By Mike Feinsilber

Q. Where did the candidate go?
A.  He hit the campaign trail.
Q. Did he campaign in Ohio?
A. He took his campaign to the Buckeye State.
Q.  Then what did he do?
A.  He crisscrossed the state.
Q.  Is that all?
A.  Sometimes he zigzagged across the state.
Q.  How would you characterize the state?
A.  It is a key battleground.
Q.  Is this the third time the candidate has visited in three weeks?
A.  His third visit in as many weeks.
Q.  So you’d say the candidate barnstormed?
A.  You bet. He hit the hustings.
Q.  And?
A.  He barnstormed.
Q.  Everywhere?
A.  In the heartland.
Q.  He talked about what’s important to voters?
A.  All the hot-button issues.
Q.  What did the candidate do when met by a big crowd at the airport?
A.  He pressed the flesh.
Q.  That’s all?
A.  He also worked the rope line.
Q.  What did he propose to solve a problem?
A.  He spelled out a 10-point program.
Q.  Did he make the proposal in a speech?
A.   No, it was a major policy address.
Q.  A number of people want to be his vice presidential choice.
A.  They’re in the veepstakes.
Q.  It’s been a long campaign.
A.  A marathon!
Q.  The candidate outlined his program but…?
A.  The devil is in the details.
Q.  Would you say the candidate said he is worried about something?
A.  I’d say he expressed concern.
Q.  Is the candidate confident?
A.  He is buoyed by the polls.  You might say he is riding high in the polls.
Q.  Nonetheless…
A.  He says he will take nothing for granted.
Q.  What about his opponent?
A.  He faces an uphill battle.
Q.  Is he behind by at least 10 percent?
A.   He trails by double digits.
Q.   What does he say about that?
A.  “I’ve never believed in polls.”
Q.  When does he say that?
A.  At the end of the day.
Q.  So what does he do over the weekend?
A.  He huddles with advisers.
Q.  And if he does it in the middle of the week?
A.  He breaks off campaigning to hole up with advisers.
Q.  Just any old advisers?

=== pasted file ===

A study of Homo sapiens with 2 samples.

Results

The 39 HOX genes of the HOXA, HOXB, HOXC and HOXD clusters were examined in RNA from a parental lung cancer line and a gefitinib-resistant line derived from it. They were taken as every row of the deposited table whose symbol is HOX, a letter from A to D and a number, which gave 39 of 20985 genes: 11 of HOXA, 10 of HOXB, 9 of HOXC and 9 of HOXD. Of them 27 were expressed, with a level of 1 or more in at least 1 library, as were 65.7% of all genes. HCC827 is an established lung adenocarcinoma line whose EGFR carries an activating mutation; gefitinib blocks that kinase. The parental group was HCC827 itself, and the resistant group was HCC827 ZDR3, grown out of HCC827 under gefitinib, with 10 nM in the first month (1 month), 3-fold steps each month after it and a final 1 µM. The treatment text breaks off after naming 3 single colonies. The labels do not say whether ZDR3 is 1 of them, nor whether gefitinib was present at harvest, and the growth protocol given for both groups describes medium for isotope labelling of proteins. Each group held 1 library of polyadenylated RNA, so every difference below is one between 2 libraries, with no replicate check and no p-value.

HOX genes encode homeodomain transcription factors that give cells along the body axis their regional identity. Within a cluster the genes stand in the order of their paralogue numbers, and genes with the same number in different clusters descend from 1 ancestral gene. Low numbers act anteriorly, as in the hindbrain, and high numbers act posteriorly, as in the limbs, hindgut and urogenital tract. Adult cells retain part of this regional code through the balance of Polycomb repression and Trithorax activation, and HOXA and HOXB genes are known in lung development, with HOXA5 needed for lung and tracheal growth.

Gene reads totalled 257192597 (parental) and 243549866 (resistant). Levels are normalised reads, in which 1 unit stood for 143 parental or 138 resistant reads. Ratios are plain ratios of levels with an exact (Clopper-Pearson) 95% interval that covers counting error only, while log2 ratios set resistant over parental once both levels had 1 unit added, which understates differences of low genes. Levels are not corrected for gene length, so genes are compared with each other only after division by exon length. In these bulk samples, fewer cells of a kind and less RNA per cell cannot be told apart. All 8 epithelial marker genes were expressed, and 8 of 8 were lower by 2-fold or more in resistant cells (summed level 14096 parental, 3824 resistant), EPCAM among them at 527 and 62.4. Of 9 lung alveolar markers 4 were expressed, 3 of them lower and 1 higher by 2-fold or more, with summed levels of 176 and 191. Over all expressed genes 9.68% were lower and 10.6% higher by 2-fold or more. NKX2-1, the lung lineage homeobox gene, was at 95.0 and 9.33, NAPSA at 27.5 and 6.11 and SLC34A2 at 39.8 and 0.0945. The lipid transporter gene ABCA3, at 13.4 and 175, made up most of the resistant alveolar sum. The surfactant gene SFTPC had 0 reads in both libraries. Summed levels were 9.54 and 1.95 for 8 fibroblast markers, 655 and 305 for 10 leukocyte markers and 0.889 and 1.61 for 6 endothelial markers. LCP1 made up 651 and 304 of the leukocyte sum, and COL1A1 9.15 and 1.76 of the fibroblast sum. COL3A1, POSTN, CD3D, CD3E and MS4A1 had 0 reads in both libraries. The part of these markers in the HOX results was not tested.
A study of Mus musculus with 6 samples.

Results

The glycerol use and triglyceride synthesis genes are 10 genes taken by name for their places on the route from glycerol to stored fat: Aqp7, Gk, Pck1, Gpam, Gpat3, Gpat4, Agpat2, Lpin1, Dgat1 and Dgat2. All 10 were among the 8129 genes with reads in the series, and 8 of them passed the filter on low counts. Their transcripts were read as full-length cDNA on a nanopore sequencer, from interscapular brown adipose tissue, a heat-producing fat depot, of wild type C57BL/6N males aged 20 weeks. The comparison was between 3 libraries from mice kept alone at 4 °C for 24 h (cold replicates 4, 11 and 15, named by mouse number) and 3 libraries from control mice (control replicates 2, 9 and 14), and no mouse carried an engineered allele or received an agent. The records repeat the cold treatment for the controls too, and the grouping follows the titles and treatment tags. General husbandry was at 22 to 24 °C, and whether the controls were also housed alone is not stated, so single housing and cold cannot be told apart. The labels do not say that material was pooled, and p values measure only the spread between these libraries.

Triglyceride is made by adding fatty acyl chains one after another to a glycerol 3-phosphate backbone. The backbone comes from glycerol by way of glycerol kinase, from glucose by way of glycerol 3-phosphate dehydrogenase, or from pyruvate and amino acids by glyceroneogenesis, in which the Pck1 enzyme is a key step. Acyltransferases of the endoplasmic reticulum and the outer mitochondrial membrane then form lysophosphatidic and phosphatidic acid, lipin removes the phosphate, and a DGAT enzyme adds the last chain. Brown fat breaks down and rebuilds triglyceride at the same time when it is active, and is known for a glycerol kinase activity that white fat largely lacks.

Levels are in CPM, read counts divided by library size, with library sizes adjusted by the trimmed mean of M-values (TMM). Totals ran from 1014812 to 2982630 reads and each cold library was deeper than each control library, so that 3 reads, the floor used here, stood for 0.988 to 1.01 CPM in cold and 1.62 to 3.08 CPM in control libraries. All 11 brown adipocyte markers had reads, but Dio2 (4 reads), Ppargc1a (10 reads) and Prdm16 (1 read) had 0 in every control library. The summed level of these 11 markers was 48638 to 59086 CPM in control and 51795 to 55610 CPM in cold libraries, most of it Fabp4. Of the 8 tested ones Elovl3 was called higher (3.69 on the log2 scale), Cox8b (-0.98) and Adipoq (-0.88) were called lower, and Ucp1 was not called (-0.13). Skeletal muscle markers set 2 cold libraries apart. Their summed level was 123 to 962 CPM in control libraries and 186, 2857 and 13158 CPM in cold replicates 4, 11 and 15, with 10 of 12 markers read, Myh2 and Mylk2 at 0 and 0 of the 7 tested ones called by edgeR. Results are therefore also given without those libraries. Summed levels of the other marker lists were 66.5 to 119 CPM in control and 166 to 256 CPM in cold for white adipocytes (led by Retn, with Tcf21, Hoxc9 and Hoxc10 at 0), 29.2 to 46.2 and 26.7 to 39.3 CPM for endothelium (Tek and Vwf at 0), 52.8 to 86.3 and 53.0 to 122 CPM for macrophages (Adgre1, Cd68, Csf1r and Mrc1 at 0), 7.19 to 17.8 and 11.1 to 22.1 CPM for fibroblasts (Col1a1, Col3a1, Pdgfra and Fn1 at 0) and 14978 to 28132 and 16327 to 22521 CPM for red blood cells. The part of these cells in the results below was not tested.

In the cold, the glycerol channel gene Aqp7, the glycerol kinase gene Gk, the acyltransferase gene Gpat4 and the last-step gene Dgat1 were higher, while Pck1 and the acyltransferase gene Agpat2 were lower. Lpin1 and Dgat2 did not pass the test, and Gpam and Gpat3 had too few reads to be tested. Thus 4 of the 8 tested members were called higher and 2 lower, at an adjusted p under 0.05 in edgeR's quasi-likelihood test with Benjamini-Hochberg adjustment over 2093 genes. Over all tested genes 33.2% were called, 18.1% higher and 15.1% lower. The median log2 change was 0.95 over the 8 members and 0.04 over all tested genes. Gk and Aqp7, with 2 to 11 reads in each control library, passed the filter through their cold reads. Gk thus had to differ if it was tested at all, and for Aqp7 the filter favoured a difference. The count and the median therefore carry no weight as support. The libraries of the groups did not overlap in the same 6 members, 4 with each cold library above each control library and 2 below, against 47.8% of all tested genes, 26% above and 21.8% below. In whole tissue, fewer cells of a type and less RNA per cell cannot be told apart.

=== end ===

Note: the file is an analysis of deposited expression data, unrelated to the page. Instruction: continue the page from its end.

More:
A.  No, with key advisers.
Q.  Did they decide to hire more campaign workers?
A.   He’ll beef up the campaign team.
Q.  Did he invite his opponent to debate?
A.   Yes, he sat down and fired off a note.
Q.  What if the leader exaggerates his opponent’s advantages?
A.  He’s playing the expectations game.
Q.  Why did the candidate boast that he was six-foot-six?
A.  He was playing the height card.
Q.  Looks like one candidate has lots of money.
A.  Yes, he has amassed a campaign war chest.
Q.  This candidate has been around a long time?
A.  He’s a seasoned veteran.
Q.  And his opponent?
A.  He’s an untested novice.
Q.  What does the front-runner remind the voters?
A.  That every vote counts.
Q.  And his opponent?
A.  That the only poll that counts occurs on Election Day.
Q. What did the candidates do in the hours before Election Day?
A.  They sprinted to the finish line.
Q.  What about the important states?
A.  You mean the battleground states?
Q.  Yes.
A.  They are up for grabs.
Q.  It looks like a close election.
A.  It’s down to the wire.
Q.  In that case?
A.  It promises to be a long night.
Q.  And the voters?
A.  They went to the polls in droves.
Q.  Is that all?
A.  Some trooped to the polls.
Q. Despite the weather?
A. They braved foul weather.
Q. Before the results are known, where is the candidate?
A. He holed up in a hotel.
Q. So the challenger beat the incumbent?
A. He showed him the door.
Q. How did he win?
A. He got the lion’s share of the votes.
Mike Feinsilber keeps an eagle eye out for clichés, to coin a phrase.